Rogue Stormers is a side-scrolling run-n-gun game with roguelike elements where you attempt to make it through a series of procedurally-generated dungeons before facing bosses. The game is set in a steampunk world where the discovery of a substance called “goop” has turned everyone into a monster. Guess who’s on clean-up duty? Here’s your mop and your gun, soldier. Make Ravensdale spotless again.

To expand on the story, a villainous guy called Hector Von Gorg turned Ravensdale from a once-thriving city into a place inhabited by foul, bootlicking, ugly foes, and you’re a member of the city troops recruited to clean the place up and put Hector away for good. Preferably in a shallow grave somewhere swampy.



While fairly good to look at, Rogue Stormers still suffers a number of glitches and graphical problems (one of the reasons that this review is so late out the door). Naturally, as the patches start rolling in the game will improve, but there was a time early on where I was struggling to even play more than one round. Thankfully, the developers, Black Forest Games, seem fairly on top of bugs.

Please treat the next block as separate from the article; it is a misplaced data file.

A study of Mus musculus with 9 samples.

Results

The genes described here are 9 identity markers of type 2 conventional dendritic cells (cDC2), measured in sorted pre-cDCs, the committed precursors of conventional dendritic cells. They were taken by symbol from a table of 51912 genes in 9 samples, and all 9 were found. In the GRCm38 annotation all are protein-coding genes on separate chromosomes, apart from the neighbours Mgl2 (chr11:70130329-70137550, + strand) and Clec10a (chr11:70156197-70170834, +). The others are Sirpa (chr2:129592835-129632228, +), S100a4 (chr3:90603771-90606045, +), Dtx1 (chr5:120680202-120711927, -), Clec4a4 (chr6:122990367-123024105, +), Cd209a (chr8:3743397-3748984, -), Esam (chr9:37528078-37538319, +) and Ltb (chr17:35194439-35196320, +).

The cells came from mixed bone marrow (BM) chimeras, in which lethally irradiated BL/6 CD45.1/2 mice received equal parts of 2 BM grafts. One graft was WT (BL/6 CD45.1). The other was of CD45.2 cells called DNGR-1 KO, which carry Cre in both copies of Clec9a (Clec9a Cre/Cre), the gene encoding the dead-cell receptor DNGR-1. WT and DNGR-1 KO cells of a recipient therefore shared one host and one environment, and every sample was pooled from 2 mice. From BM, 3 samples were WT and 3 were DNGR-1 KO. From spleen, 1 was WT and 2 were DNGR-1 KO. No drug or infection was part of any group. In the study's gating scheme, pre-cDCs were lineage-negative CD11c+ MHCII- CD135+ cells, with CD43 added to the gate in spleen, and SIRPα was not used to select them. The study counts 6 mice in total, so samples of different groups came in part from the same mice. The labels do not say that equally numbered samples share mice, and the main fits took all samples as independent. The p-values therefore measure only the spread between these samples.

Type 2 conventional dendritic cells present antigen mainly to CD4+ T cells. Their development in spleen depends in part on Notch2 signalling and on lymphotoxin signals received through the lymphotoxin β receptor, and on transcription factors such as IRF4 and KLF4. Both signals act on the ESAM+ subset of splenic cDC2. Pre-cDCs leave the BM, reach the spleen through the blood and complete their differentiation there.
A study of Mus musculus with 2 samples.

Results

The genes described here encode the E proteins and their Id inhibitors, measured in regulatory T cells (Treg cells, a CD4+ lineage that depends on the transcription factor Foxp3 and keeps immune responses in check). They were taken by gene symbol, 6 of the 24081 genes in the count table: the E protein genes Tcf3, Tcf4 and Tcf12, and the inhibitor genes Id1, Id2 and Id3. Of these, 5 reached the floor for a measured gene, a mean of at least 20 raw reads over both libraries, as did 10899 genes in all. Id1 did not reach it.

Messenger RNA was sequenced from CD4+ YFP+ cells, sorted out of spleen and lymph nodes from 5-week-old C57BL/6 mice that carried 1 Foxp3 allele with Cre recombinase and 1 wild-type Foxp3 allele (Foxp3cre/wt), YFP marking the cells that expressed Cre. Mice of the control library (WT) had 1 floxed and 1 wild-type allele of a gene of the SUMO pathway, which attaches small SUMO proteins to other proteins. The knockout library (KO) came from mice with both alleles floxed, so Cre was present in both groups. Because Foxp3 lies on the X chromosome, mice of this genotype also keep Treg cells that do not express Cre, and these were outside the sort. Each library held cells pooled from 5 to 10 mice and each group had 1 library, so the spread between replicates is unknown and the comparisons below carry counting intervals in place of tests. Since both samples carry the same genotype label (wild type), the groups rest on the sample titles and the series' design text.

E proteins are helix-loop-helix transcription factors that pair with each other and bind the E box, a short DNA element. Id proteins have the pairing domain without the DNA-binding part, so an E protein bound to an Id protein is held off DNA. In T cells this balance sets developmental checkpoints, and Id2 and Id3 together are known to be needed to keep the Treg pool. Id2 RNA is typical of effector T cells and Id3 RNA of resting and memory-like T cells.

Overall, while I do recommend Rogue Stormers as a wonderfully mindless fun game, it comes with a few caveats as mentioned above. It’s good fun and has that “one more round” quality that makes for excellent roguelike games. The lack of online community is a bit of a pity, but the local mode makes up for it nicely. The unlockable perks make it feel as though you’re making progress, and like many games of this ilk, a badly-spawned level can be just as deadly as the enemies you face.